Resurfacing


Resurfacing

 

With the word Resurfacing  a procedure and special line of hip prostheses is meant whereby resection of the femoral neck no longer is needed or the placement of a long stiff and intruding shaft in the femur as previously always had been the case with the traditional hip prostheses. Resurfacing or Hip Resurfacing seems a very logic name when you see the prosthesis that only places surfaces of metal in place for the damaged or worn cartilage. “Ytprotes” is one of the Swedish names for resurfacing, whereby “Yt” means “outer” or “surface” and “protes” means “prosthesis”. So “ytprotes” can be translated to “surface prosthesis”, which sounds correct. That the conventional hip prosthesis requires removal of the femoral neck and also removal of some or all of the marrow from the leg is not realized by everyone, so make sure that you understand the consequences of this. In Sweden the expression “Birmingham protes” or “Birminghamprotes” (translated: Birmingham prosthesis”) is sometimes incorrectly used for the whole group of hip resurfacing devices. That would be just as dumb as when you call every vacuumcleaner a “Hoover”. BHR stands for “Birmingham Hip Resurfacing” a prosthesis from one manufacturer (Smith & Nephew) just as for example BMHR stands for “Birmingham Mid-Head Resection”. Resurfacing is not incorrect but does not specifically clarify what it ‘resurfaces’. People should also know that there are resurfacing prostheses for the human hip but also the arm/shoulder joint. There are also similar resurfacing prostheses for animals in a variety of sizes.

“Ytersättning” is a Swedish term that translated is something like “outer replacement” or “surface replacement”. This does not clearly indicate if the method or the prosthesis is meant and in studies and writings on hip resurfacing this is also mixed.

Apart from sometimes confusing Swedish names for this type of prosthesis and the method have the English speaking countries created many more names and thereby much confusion. Not the least in the USA have surgeons for some reason found it necessary to invent fancy new names, as if they wanted to advertise a completly new and unique device and procedure that only they could offer their patients. With a different name no doubt extra attention is drawn and patients are given the impression that they secured themselves a modern and researching surgeon, while this does not necessarily have to be true. True is that it all the time is the exact same technique that Mr. Derek McMinn and others have further developed from earlier forms of hip resurfacing to what it is today.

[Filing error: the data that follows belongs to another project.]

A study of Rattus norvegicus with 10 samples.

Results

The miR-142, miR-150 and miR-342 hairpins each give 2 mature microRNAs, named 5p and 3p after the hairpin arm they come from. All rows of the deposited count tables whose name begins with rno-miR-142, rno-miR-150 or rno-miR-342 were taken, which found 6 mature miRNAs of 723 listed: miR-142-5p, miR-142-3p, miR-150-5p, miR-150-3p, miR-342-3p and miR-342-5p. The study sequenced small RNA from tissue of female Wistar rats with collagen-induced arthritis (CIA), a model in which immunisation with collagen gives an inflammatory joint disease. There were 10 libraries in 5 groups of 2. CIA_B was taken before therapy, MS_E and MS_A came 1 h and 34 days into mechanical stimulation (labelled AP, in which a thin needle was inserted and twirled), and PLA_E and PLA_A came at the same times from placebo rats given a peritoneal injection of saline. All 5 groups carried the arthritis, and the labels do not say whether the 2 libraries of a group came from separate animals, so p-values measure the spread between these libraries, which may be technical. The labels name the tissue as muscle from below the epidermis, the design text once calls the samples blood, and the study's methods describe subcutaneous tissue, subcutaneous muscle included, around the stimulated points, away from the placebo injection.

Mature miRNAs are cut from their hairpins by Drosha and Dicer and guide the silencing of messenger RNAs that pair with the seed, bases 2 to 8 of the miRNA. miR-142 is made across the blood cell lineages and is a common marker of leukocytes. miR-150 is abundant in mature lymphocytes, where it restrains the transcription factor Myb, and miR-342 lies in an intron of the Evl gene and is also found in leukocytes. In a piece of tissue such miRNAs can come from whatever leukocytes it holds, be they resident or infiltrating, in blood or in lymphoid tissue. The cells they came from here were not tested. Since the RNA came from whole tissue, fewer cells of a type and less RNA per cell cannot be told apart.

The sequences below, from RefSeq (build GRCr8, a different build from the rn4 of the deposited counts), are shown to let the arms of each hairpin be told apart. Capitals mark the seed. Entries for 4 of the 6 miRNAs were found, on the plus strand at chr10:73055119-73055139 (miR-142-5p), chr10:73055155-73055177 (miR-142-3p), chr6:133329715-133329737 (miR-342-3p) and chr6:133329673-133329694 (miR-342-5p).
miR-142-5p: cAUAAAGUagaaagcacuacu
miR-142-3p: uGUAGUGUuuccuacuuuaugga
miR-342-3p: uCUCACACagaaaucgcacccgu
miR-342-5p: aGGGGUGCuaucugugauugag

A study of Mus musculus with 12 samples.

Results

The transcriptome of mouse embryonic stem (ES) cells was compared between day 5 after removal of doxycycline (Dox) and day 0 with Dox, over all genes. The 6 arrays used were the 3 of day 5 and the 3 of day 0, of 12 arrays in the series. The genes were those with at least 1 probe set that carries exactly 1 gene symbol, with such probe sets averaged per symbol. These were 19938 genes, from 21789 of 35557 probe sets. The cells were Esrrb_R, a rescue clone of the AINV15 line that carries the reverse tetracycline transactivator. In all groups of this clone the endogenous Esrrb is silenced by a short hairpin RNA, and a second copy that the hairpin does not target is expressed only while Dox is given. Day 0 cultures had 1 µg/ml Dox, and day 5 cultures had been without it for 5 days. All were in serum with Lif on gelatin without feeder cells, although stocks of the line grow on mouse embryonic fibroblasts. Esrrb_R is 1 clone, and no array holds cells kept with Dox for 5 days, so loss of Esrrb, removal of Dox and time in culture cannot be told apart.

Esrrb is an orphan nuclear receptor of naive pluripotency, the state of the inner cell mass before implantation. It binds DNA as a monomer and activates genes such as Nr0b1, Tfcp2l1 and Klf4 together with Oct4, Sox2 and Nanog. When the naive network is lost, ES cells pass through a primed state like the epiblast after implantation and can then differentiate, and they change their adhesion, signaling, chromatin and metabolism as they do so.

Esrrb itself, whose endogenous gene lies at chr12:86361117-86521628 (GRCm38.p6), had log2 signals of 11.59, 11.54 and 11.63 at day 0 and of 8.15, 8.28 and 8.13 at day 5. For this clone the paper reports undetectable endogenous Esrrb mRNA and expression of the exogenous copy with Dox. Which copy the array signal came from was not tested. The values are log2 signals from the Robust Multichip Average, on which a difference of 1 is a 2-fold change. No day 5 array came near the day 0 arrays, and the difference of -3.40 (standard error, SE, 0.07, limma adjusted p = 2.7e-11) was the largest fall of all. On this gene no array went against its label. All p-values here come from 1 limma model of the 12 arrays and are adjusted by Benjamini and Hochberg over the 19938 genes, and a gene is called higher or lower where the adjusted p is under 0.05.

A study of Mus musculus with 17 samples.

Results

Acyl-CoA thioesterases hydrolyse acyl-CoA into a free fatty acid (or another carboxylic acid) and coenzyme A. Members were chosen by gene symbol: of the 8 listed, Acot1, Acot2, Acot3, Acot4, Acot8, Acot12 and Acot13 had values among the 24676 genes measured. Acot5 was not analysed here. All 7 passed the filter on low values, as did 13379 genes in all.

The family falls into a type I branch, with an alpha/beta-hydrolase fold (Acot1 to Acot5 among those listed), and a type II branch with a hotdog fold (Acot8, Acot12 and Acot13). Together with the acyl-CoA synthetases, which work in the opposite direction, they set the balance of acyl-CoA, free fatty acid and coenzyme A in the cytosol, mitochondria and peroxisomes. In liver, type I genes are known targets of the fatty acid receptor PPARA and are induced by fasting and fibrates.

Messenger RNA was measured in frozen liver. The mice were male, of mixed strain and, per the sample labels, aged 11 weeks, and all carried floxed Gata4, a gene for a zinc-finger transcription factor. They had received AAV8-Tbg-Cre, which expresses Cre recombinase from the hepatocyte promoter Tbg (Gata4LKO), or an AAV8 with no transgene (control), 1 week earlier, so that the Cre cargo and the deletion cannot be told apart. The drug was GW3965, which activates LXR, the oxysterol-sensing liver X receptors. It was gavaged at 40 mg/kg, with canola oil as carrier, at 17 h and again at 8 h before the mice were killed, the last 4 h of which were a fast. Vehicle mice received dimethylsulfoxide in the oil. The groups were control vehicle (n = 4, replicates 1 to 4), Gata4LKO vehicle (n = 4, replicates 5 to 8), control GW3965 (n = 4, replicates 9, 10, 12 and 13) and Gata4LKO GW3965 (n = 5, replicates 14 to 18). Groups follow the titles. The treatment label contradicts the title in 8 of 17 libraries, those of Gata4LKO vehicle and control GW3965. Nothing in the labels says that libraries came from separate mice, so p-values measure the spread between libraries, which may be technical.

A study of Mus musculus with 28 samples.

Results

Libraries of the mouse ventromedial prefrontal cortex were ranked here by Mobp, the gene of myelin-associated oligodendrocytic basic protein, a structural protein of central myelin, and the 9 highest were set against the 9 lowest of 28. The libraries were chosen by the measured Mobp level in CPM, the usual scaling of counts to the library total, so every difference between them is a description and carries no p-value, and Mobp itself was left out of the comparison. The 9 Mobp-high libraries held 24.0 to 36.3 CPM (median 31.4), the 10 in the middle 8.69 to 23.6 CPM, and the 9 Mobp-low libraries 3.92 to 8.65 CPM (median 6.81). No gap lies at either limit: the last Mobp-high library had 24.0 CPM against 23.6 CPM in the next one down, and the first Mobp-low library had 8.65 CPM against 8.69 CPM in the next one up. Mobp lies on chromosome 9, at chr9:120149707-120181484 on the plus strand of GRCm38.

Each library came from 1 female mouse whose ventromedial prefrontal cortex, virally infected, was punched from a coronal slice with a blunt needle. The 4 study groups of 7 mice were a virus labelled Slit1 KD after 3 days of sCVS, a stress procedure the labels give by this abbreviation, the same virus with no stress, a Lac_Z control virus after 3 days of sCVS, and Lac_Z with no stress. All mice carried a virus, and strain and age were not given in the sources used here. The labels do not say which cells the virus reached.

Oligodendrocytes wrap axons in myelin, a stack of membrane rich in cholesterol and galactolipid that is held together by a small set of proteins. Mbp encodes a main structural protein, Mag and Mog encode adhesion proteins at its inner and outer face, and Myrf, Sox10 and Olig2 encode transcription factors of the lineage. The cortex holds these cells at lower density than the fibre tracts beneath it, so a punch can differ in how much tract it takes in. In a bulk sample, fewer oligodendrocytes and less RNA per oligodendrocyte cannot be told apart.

All the names and abbreviations (taken from my list with terminology):

HR Hip Resurfacing
HRS Hip Resurfacing
HR Hemi Resurfacing
HA Hemi Arthroplasty
HSR Hemi Surface Replacement
PR Partial Resurfacing
THR Total Hip Resurfacing
PHR Partial Hip Resurfacing
HSR Hip Surface Replacement
SHR Surface Hip Replacement
HRA Hip Resurfacing Arthroplasty
RHA Resurfacing Hip Arthroplasty
MoMHR Metal-on-Metal Hip Resurfacing
RTHA Resurfacing Total Hip Arthroplasty
SRA Surface Replacement Arthroplasty
THRA Total Hip Resurfacing Arthroplasty
MMSR Metal-on Metal Surface Replacement
MoMRA Metal-on-Metal Resurfacing Arthroplasty
MoMHRA Metal-on-Metal Hip Resurfacing Arthroplasty
MoMRHA Metal-on-Metal Resurfacing Hip Arthroplasty
MoMTHRA Metal-on-Metal Total Hip Resurfacing Arthroplasty

The three names above that include “hemi” apply to a form of hip resurfacing whereby the old natural femoral head is given a new surface “the cap” and whereby no acetabular cup is placed in the pelvis. This method that is also sometimes used in Sweden is under critisism and rightfully so! The idea to only replace the diseased outer surface of the femoral head is in itself not wrong but in real life it has been proven that the remaining cartilage in the acetabulum wears out at high speed. The cartilage and a metal head or cap are incompatible with each other with rapid wear as a result. It is therefore not unusual at all that someone with a “hemi resurfacing” needs to be operated again after a year or so to add the acetabular cup that matched the head that was placed a year ago. Real resurfacing specialists are in agreement that hemi resurfacing can not be suppoted or defended and that a complete hip resurfacing cap and matching cup should be placed right from the start, so that no new operation will be required for addition of the cup.